In PA, can employer terminate accrued vacation timebenefit in writing without compensating employees?

UPDATED: Sep 30, 2022


My wife’s company has terminated a written benefit of being able to accrue vacation time without compensation to the employees. Has been a long-standing benefitover 2 decades. They have wiped the slate clean, without warning that they would do this, meaning the employees didn’t even have the ability to use the time, if they wanted to. Also the company has reduced my wife’s vacation time from 6 weeks to 5 weeks34 year employee, even though she was specifically grandfathered in last year to be able to keep the 6 weeks, when they decided to change the vacation policyshe’s the only one affected. Now the policy includes her. Is this legal?

Asked on January 5, 2017 under Employment Labor Law, Pennsylvania


SJZ, Member, New York Bar / FreeAdvice Contributing Attorney

Answered 5 years ago | Contributor

The only thing that the employer cannot do is take away accrued or earned vacation without first providing some "reasonable" (though admittedly, that is a subjective and not well defined term) amount of time or opportunity to use it. Employees worked in part for that vacation--to take earned vacation away without some chance to use is to deprive them of compensation they worked for. Taking it away without any chance to use might give the affected employees grounds to sue for its value.
However, it can be taken away, just so long as there is notice that it will be lost if not used before a certain date--the employer does not have to let them carry or accrue it forever.
In terms of not-yet-earned (future vacation), and employer can freely, at any time, without prior notice and regardless of past practice, change how much vacation employees get, how it is accrued, how long they can accrue it for, etc.--they could even eliminate it on a going-forward basis entirely. The law of your state does not require that employees get vacation--it is voluntary on the part of employers to offer it. Since it is voluntary for the employer, the employer can decide to stop offering it, or to change any and everything about how it is offered. That some employees are affected worse than others, or that it's been done differently for decades makes no difference: employers may still alter the vacation rules at will. (With one exception: if an employee has a written employment contract guarantying a certain amount, etc. of vacation, the employer cannot violate that contact.)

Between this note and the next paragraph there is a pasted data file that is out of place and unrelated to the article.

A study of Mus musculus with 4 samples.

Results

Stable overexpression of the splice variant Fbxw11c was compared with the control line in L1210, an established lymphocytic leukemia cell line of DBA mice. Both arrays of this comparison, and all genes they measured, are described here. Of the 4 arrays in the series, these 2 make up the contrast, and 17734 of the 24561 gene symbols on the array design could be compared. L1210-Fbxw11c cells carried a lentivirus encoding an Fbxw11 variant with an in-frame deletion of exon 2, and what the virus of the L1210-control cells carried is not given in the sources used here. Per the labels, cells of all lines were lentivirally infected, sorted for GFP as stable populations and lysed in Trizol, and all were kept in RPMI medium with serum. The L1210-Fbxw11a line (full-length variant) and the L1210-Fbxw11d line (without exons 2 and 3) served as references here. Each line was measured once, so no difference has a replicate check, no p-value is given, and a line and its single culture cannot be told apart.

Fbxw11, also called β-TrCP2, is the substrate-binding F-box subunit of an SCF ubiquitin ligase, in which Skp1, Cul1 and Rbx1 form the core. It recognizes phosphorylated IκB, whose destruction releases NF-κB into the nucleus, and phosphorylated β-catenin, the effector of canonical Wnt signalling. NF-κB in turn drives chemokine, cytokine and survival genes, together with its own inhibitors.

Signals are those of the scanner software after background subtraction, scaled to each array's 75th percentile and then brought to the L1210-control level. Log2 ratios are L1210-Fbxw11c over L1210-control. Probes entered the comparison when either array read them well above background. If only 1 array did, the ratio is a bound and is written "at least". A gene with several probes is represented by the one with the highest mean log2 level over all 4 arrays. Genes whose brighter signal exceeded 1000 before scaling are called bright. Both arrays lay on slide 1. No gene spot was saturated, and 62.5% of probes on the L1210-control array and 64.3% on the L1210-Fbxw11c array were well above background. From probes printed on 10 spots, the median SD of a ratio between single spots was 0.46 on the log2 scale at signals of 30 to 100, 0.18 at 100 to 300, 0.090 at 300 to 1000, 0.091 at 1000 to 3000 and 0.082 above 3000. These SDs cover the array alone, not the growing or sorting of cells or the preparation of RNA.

IMPORTANT NOTICE: The Answer(s) provided above are for general information only. The attorney providing the answer was not serving as the attorney for the person submitting the question or in any attorney-client relationship with such person. Laws may vary from state to state, and sometimes change. Tiny variations in the facts, or a fact not set forth in a question, often can change a legal outcome or an attorney's conclusion. Although has verified the attorney was admitted to practice law in at least one jurisdiction, he or she may not be authorized to practice law in the jurisdiction referred to in the question, nor is he or she necessarily experienced in the area of the law involved. Unlike the information in the Answer(s) above, upon which you should NOT rely, for personal advice you can rely upon we suggest you retain an attorney to represent you.